Symbolism in Hindu Architecture

Symbolism in Hindu Architecture

Product ID: 15702

Publisher: Aryan
Year: 2001
Language: English
Pages: 112
ISBN/UPC (if available): 8173052042


The theme of this work is the symbolic significance of the magnificent architecture of a unique South Indian temple in Madura. Due to its largely isolated state from external disturbances throughout history, south India developed its own style of Dravidian Architecture. In its latter periods the Nayaks of Madura were builders of great temples throughout the region. The temple at Madura is one of these characteristic temples, which began around 1550 and finished around 1640.

The temple, in the Shaivaite tradition, is dedicated to Shiva and to his consort, Parvati. Minakshi, the fish-eyed goddess is an aspect of Parvati, and Sundareswar is an aspect of Shiva. It was under this form that he married a local maiden and this occasion is perpetuated in the Great temple at Madura. Shri Minakshi Sundareswar temple is thus in its very name an in its architectural arrangement the symbol of the union of divine masculinity and feminity, of Purusha (Essence) and Prakriti (Substance), metaphysical principles unmanifested in themselves, but from which union and from which union alone universal manifestation proceeds.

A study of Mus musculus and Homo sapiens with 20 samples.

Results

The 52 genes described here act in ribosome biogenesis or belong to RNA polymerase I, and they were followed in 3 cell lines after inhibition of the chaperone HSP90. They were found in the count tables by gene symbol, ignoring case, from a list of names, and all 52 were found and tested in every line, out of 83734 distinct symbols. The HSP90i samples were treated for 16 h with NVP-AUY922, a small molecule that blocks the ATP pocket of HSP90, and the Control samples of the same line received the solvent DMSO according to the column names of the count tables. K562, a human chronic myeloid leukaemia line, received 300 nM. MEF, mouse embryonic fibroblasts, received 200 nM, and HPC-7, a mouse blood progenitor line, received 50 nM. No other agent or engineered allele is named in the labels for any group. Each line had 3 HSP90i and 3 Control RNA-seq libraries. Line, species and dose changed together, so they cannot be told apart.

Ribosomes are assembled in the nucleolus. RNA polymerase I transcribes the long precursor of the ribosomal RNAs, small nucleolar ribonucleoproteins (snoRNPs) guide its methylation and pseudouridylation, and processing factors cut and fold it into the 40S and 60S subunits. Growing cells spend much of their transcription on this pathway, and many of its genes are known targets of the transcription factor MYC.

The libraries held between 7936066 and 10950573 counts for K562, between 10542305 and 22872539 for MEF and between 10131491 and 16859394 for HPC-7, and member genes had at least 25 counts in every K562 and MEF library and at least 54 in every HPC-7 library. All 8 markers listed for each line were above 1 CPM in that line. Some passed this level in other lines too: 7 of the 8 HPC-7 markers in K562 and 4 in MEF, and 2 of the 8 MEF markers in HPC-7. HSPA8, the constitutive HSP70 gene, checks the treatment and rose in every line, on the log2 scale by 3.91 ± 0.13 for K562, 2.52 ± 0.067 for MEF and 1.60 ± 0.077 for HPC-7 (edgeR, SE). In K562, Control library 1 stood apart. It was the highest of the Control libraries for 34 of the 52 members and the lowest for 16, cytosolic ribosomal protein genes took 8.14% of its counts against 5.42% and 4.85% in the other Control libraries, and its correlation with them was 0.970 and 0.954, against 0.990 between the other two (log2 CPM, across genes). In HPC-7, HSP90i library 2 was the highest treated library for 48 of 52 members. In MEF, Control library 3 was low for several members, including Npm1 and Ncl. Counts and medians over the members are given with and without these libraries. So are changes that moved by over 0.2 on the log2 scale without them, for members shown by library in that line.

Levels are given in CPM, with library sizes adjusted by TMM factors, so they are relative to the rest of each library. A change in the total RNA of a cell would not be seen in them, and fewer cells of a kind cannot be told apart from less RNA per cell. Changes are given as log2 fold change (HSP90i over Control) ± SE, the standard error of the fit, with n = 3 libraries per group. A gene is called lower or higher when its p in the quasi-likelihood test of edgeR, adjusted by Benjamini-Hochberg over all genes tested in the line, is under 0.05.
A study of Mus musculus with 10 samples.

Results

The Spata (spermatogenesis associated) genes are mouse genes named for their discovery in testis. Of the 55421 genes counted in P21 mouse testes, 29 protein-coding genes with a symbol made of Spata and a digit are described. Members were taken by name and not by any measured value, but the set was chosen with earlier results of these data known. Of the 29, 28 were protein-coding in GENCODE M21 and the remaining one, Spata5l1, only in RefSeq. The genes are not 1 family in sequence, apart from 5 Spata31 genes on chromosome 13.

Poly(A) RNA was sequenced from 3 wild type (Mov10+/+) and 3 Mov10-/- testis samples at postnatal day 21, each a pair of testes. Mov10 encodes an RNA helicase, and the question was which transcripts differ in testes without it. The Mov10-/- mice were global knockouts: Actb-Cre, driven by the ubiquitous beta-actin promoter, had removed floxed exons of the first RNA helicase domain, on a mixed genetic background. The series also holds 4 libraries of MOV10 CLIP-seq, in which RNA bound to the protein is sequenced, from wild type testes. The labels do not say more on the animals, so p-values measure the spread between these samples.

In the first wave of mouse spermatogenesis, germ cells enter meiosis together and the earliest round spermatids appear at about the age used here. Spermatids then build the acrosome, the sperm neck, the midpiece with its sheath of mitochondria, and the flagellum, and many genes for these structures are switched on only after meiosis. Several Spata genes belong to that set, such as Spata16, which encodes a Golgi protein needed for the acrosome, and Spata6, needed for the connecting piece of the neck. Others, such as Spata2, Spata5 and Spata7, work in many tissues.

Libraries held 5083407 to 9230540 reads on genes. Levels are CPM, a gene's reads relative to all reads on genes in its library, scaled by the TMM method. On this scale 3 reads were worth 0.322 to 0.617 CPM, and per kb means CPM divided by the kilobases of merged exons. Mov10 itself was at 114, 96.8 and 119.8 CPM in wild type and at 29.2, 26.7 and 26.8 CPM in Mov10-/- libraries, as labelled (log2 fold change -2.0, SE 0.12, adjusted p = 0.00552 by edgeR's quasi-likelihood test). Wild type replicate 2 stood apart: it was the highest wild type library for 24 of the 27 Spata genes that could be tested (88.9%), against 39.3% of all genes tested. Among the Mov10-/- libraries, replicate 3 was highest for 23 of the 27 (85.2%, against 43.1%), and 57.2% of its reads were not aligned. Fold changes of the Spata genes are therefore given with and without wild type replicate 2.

The passage through the temple is described and illustrated with a single goal in mind: gaining insight into the meaning of the symbols of space and the architectural configurations, tracing the way from the exterior to the interior, from the peripheral to the central, from the contingent to the essential, from the finite to the infinite.

The text, the photographs and diagrams fathom the unbreakable bond between the spatial arrangements of South Indian sacred architecture and the metaphysical principles from where the formal arrangements derive. The approach of interpretation seeks to stay faithful to traditional orthodox Hindu doctrine, based on the Vedas in the first place, on the Puranas, and on the Shilpa Shastras-which deal with the arts in general-and the Vastu Shastras-which deal with the science of architecture. It is hoped that by illustrating not just the temple but also the metaphysical and symbolic meanings that underlie, the reader will be helped to understand the deepest essence of the civilization and be given opportunities to better comprehend man and his aspirations.